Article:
Ernest Hemingway, Cubas adopted son, was born in Oak Park, Illinois in 1899. After graduating from high school in 1917, he became a reporter for the Kansas City Star, but he left his job within a few months to volunteer in Italy during World War I.
After the war ended, he served as a correspondent for the Toronto Star and then settled in Paris in 1922 where he married Hadley Richardson, the first of his four wives. It was there that he began writing creatively alongside a group of Americans that made their homes in Paris.
After his 1927 divorce from Hadley Richardson, Hemingway married Pauline Pfeiffer.
After the success of the The Sun Also Rises (1926), Hemingway spent long periods in Key West, Florida, in Spain and Africa, and he became known as an adventurer for his love of bullfighting.
Hemingway was an admirer of Hispanic culture and one of the most influential writers of the 20th century, winning the Pulitzer Prize in 1953 and Nobel Prize for Literature in 1954. Throughout his life he navigated his way in and out of the Spanish-speaking peoples, from Spain to Cuba.
Beginning in the late 1930’s, Hemingway stayed in Cuba.
Ernest Hemingway, affectionately known as “Papa” to the Cubans who claimed him as their own, was one of the most famous American novelists and short-story writers.
Cuba adopted him after he adopted Cuba, an island he called home for more than two decades from 1930 -1960. Even today, long after he left this life and his beloved country, Cubans still idolize Hemingway.
The bartender of the restaurant, Constante, created the Daiquiri which Papa praised so much and immortalized in his book Islands in the Stream.
In 1940 upon completion of For Whom the Bell Tolls, he used its earnings of $18500 to purchase Finca Vigia, or Lookout Farm, in San Francisco de Paula, a suburb that lies ten kilometers southeast of Havana and is now a museum that was donated to the Cuban people in 1961 after Hemingway committed suicide.
The estate is in the exact condition in which the Hemingway’s left it in 1960. Included inside the house are thousands of books and magazines from Hemingway’s private library, works of art by Picasso and animal heads.
Finca Vigia is the palm tree surrounded hilltop residence which Hemingway called home. From 1939 to 1960, and where the writer completed some of his greatest works, including The Old Man and the Sea and Islands in the Stream.
The Finca was also the place where Hemingway kept his fishing boat the Pilar. The protagonist of the novel The Old Man and the Sea is an old Cuban fisherman named Santiago, who catches a giant marlin after weeks of disappointment, only to have sharks eat the fish on his return to the harbor.
It is believed that a Cuban fisherman, the real Old Man, Gregorio Fuentes who served as the captain of the Pilar in the late 1930s, was the model for Santiago.
He divorced Pauline Pfeiffer after he returned from the Spanish Civil War Martha Gellhorn became his third wife in 1940.
Hemingway continued his war reporting during his time in Cuba. He and Martha traveled to China in 1941 to report on the Second Sino -Japanese war. After his return from China and before heading to Europe to cover World War II, Hemingway hunted German U-Boats in the Caribbean with his boat, Pilar, which he had outfitted with radio communications and weaponry in case he encountered a German submarine.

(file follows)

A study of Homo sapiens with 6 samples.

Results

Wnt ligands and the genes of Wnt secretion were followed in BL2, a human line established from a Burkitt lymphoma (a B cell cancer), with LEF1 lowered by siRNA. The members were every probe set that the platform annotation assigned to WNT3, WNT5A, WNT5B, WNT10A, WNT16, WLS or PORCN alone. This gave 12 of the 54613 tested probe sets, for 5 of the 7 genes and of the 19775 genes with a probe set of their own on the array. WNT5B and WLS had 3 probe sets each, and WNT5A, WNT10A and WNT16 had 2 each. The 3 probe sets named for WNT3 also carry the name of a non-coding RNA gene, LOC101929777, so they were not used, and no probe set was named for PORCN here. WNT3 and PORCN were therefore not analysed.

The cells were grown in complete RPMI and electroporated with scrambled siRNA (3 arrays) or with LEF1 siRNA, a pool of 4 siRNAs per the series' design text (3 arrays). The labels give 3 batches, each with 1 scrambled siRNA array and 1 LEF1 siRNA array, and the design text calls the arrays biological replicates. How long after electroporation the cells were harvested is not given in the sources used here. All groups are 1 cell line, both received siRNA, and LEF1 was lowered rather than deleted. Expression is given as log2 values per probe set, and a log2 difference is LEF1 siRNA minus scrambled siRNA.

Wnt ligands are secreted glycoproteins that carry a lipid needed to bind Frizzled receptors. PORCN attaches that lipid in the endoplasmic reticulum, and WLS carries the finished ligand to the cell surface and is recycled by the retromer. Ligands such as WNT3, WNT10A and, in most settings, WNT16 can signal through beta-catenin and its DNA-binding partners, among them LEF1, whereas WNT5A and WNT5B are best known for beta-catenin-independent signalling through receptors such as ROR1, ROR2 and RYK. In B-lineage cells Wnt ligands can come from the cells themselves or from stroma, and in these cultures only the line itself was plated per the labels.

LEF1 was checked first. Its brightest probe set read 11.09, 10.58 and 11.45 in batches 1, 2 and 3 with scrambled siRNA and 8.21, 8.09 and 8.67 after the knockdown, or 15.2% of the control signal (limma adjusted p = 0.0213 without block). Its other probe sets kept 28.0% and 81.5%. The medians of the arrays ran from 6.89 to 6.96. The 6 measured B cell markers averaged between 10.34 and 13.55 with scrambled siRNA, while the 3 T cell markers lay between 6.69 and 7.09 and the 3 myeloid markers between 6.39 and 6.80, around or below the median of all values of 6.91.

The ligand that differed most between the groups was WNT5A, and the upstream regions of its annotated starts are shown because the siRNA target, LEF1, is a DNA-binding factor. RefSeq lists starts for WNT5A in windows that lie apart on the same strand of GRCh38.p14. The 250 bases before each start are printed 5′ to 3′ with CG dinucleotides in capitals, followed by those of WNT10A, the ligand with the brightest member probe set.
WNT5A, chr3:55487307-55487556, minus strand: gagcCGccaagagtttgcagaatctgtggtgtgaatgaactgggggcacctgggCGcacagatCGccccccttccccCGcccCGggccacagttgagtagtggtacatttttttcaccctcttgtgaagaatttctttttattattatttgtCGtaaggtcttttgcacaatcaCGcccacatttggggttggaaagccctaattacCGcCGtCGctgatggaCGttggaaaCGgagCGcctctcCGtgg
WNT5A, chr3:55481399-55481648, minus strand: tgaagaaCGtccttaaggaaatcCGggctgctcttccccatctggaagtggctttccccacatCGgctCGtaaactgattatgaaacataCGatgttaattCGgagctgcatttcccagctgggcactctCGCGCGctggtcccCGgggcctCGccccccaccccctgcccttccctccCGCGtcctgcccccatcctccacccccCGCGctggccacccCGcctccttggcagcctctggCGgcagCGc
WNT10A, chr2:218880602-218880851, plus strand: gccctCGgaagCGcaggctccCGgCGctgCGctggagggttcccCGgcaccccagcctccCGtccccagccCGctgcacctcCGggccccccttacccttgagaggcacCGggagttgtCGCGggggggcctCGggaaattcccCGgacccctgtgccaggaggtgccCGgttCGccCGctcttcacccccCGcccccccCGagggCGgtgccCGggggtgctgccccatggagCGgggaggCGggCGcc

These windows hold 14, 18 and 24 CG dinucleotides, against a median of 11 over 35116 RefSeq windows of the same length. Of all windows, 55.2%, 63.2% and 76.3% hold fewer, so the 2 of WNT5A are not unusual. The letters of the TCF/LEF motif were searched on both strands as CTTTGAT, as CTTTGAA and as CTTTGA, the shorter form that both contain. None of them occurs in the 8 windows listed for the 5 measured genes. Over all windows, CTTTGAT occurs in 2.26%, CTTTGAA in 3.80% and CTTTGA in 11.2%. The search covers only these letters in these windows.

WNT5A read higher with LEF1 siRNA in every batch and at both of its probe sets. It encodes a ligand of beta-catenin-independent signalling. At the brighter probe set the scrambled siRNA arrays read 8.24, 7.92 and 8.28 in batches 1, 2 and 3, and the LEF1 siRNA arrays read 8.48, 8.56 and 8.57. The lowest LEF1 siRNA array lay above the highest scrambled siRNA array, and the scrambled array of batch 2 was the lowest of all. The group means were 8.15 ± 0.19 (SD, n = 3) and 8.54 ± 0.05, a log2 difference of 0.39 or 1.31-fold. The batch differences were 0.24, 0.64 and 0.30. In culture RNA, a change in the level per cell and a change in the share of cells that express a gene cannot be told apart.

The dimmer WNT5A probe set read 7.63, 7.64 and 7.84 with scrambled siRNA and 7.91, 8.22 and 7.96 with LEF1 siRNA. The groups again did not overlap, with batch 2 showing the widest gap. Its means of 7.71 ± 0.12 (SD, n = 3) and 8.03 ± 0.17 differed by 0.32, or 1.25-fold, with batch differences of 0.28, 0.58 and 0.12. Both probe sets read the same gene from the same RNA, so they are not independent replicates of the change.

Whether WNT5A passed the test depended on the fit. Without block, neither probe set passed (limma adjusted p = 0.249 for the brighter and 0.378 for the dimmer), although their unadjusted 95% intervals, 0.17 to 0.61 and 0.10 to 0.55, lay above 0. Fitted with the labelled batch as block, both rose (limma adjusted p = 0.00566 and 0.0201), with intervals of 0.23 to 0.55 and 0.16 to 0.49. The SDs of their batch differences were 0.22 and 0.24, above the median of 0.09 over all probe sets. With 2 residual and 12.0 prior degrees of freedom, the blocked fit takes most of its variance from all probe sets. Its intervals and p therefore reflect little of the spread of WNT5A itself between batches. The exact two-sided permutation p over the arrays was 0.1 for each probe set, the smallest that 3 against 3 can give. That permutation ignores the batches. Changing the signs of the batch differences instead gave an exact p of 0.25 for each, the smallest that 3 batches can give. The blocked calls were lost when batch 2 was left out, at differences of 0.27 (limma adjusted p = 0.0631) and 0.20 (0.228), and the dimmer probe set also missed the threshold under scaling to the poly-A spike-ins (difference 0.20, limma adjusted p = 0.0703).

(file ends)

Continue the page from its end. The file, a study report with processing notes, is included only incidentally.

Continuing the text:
Hemingway divorced Martha in 1945, and returned to Cuba in 1946. He married Mary Welsh, a fellow reporter he had met in London. She joined him at the Finca, right photo with Ava Gardner.
In January 1946 he began work on The Garden of Eden, finishing 800 pages by June. In 1948, Hemingway and Mary traveled to Europe, staying staying in Venice for several months. While there, Hemingway fell in love with the then 19-year-old Adriana Ivancich. The platonic love affair inspired the novel Across the River and Into the Trees, written in Cuba during a time of strife with Mary, and published in 1950.
The following year, furious at the critical reception of Across the River and Into the Trees, he wrote the draft of The Old Man and the Sea in eight weeks, saying that it was “the best I can write ever for all of my life”. The Old Man and the Sea became a book-of-the-month selection, made Hemingway an international celebrity, and won the Pulitzer Prize in May 1952 a month before he left for his second trip to Africa.
From the end of the year 1955 to early 1956, Hemingway was bedridden. He was told to stop drinking to curb liver damage, advice he initially followed but then disregarded.
In October 1956 he returned to Europe and met Basque writer Pio Baroja, who was seriously ill and died weeks later. During the trip Hemingway became sick again and was treated for “high blood pressure, liver disease, and arteriosclerosis”.
In November, while in Paris, he was reminded of trunks he had stored in the Ritz Hotel in 1928 and never retrieved. The trunks were filled with notebooks and writing from his Paris years. Excited about the discovery, when he returned to Cuba in 1957 he began to shape the recovered work into his memoir Moveable Feast.
Hemingway became unhappy with his life in the Finca Vigia because crowds of guests and tourists arrived there. He considered a permanent move to Idaho. The Cold War tensions between the United States and Cuba forced the American writer to choose between his birth home and his home of choice. He supported Fidel Castro’s revolution, but ultimately and sadly left Cuba, his “home,” for good when the living became too complicated.
On July 25, 1960, Hemingway and Mary left Cuba, and never returned….
The Hemingway Museum at Finca Vigia is open:
•10am to 4pm, Monday thru Saturday
•9am to 1pm, Sunday
Location: Finca Vigia and the Hemingway Museum are located in the town of San Francisco de Paula.
Pass by the Havana harbor and follow the Carretera Central from Havana direction south-west for 9 miles.